NEW YORK — The latest on developments in financial markets (all times local):
Major U.S. stock indexes mostly gave up early gains and ended lower as investors absorbed the first Federal Reserve meeting led by new Fed Chairman Jerome Powell.
After initially surging Wednesday following the Fed’s decision to edge its main interest rate higher, large-company stock indexes gave up those gains, wobbled some more, then ended slightly lower.
Several big technology companies fared poorly. Apple lost 2.3 percent and Microsoft fell 0.7 percent.
Small-company stocks fared well, and energy companies rose sharply along with the price of crude oil.
The S&P 500 index edged down 5 points, or 0.2 percent, to 2,711.
The Dow Jones industrial average slipped 44 points, or 0.2 percent, to 24,682. The Nasdaq composite fell 19 points, or 0.3 percent, to 7,345.
Stocks edged higher and bond yields rose after the Federal Reserve raised interest rates, as expected, and said the economy was continuing to improve.
The Fed said Wednesday it would raise its benchmark short-term interest rate by a quarter point and that it would continue to allow its bond portfolio to shrink. Both steps signal confidence in the economy.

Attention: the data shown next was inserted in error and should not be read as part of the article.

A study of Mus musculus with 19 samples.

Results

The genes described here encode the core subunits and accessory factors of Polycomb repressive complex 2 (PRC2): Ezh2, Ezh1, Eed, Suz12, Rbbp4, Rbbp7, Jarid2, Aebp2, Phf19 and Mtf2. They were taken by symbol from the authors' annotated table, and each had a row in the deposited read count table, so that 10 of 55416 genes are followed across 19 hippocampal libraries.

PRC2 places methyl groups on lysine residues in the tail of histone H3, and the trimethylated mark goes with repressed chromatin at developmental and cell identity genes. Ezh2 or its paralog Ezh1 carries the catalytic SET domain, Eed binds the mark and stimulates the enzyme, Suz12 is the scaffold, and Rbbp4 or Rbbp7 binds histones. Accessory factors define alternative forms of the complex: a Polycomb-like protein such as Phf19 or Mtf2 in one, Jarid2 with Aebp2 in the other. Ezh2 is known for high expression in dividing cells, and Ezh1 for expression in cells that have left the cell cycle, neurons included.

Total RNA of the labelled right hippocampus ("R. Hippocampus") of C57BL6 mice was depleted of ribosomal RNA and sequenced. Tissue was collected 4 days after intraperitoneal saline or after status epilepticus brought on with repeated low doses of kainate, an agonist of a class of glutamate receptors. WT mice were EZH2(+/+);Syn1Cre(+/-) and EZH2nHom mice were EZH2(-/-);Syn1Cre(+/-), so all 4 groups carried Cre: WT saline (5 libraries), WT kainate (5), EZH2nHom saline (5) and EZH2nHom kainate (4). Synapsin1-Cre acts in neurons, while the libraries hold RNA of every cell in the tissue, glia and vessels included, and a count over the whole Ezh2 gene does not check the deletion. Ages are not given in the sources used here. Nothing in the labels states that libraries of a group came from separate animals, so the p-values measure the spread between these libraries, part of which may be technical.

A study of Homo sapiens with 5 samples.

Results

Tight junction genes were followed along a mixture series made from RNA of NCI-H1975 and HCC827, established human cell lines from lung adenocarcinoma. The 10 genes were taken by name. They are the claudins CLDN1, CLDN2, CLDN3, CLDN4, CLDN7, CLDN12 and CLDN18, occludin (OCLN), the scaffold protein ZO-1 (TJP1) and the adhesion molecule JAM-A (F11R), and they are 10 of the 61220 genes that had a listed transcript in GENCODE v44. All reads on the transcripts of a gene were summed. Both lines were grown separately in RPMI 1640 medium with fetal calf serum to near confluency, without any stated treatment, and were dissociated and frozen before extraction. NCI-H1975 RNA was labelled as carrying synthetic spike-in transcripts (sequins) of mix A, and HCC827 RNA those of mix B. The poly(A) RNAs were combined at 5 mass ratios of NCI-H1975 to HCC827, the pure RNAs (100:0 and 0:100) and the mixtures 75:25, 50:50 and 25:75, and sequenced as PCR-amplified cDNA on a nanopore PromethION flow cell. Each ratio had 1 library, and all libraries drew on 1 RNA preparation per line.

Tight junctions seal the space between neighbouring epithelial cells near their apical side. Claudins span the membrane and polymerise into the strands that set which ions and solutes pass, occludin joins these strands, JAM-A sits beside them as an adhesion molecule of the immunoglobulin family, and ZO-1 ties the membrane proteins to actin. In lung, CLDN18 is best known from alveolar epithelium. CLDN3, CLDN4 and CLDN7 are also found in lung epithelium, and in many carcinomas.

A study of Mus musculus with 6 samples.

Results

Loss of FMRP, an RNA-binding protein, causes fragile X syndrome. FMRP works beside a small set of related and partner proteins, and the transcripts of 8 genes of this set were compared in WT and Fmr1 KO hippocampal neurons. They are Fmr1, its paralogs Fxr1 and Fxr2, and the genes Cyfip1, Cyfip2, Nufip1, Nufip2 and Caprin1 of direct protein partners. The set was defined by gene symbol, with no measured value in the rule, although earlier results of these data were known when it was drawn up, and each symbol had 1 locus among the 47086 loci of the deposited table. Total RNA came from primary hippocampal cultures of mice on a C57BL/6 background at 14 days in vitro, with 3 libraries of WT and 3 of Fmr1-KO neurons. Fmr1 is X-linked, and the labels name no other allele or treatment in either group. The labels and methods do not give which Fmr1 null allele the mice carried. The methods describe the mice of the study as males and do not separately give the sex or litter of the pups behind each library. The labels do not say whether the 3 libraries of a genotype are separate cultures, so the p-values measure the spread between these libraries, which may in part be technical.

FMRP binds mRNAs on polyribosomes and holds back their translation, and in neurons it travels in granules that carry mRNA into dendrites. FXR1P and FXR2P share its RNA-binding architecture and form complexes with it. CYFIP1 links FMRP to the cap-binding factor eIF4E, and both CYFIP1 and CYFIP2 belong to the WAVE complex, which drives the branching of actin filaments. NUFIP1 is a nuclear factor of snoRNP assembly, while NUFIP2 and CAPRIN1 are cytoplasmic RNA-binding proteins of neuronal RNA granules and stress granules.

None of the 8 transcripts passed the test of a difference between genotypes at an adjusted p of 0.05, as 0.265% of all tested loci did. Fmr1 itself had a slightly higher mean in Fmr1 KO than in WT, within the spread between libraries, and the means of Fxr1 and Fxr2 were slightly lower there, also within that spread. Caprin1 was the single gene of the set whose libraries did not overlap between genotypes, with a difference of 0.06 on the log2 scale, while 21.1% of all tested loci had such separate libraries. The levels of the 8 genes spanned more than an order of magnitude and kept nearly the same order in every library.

The yield on the 10-year Treasury, a benchmark for mortgages and other loans, rose to 2.91 percent from 2.87 percent just before the Fed released its statement.
Stocks added slightly to their gains.
The S&P 500 index was up 20 points, or 0.8 percent, to 2,736.
The Dow Jones industrial average was up 229 points, or 0.9 percent, to 24,955. The Nasdaq composite climbed 50 points, or 0.7 percent, to 7,413.
Stocks are rising on Wall Street as investors wait for news on interest rates from the Federal Reserve.
The Fed is widely expected to raise rates Wednesday, and investors will be watching closely for clues about how many more increases the central bank may make this year.
Energy companies are rising along with the price of oil and smaller, more U.S.-focused companies are climbing.
Homebuilders are up following a report that sales increased in February. Beazer Homes jumped 3.8 percent.
Cereal maker General Mills plunged 8.4 percent after cutting its profit forecast.
The S&P 500 index rose 11 points, or 0.4 percent, to 2,728.
The Dow Jones industrial average rose 124 points, or 0.5 percent, to 24,850. The Nasdaq composite climbed 26 points, or 0.3 percent, to 7,390.
Stocks are mixed in early trading Wall Street, as declines in technology companies and makers of consumer products offset gains elsewhere in the market.
Facebook fell another 2.6 percent early Wednesday, extending its slump into a third day as the company faces searing criticism for its handling of user data.
Food maker General Mills dropped 8 percent after lowering its profit forecast and saying rising costs hurt its business. Nordstrom fell 2.8 percent after the company ended talks with Nordstrom family members about a possible sale.
The S&P 500 index slipped 2 points, or 0.1 percent, to 2,714.
The Dow Jones industrial average rose 10 points, or 0.1 percent, to 24,739. The Nasdaq composite fell 18 points, or 0.3 percent, to 7,346.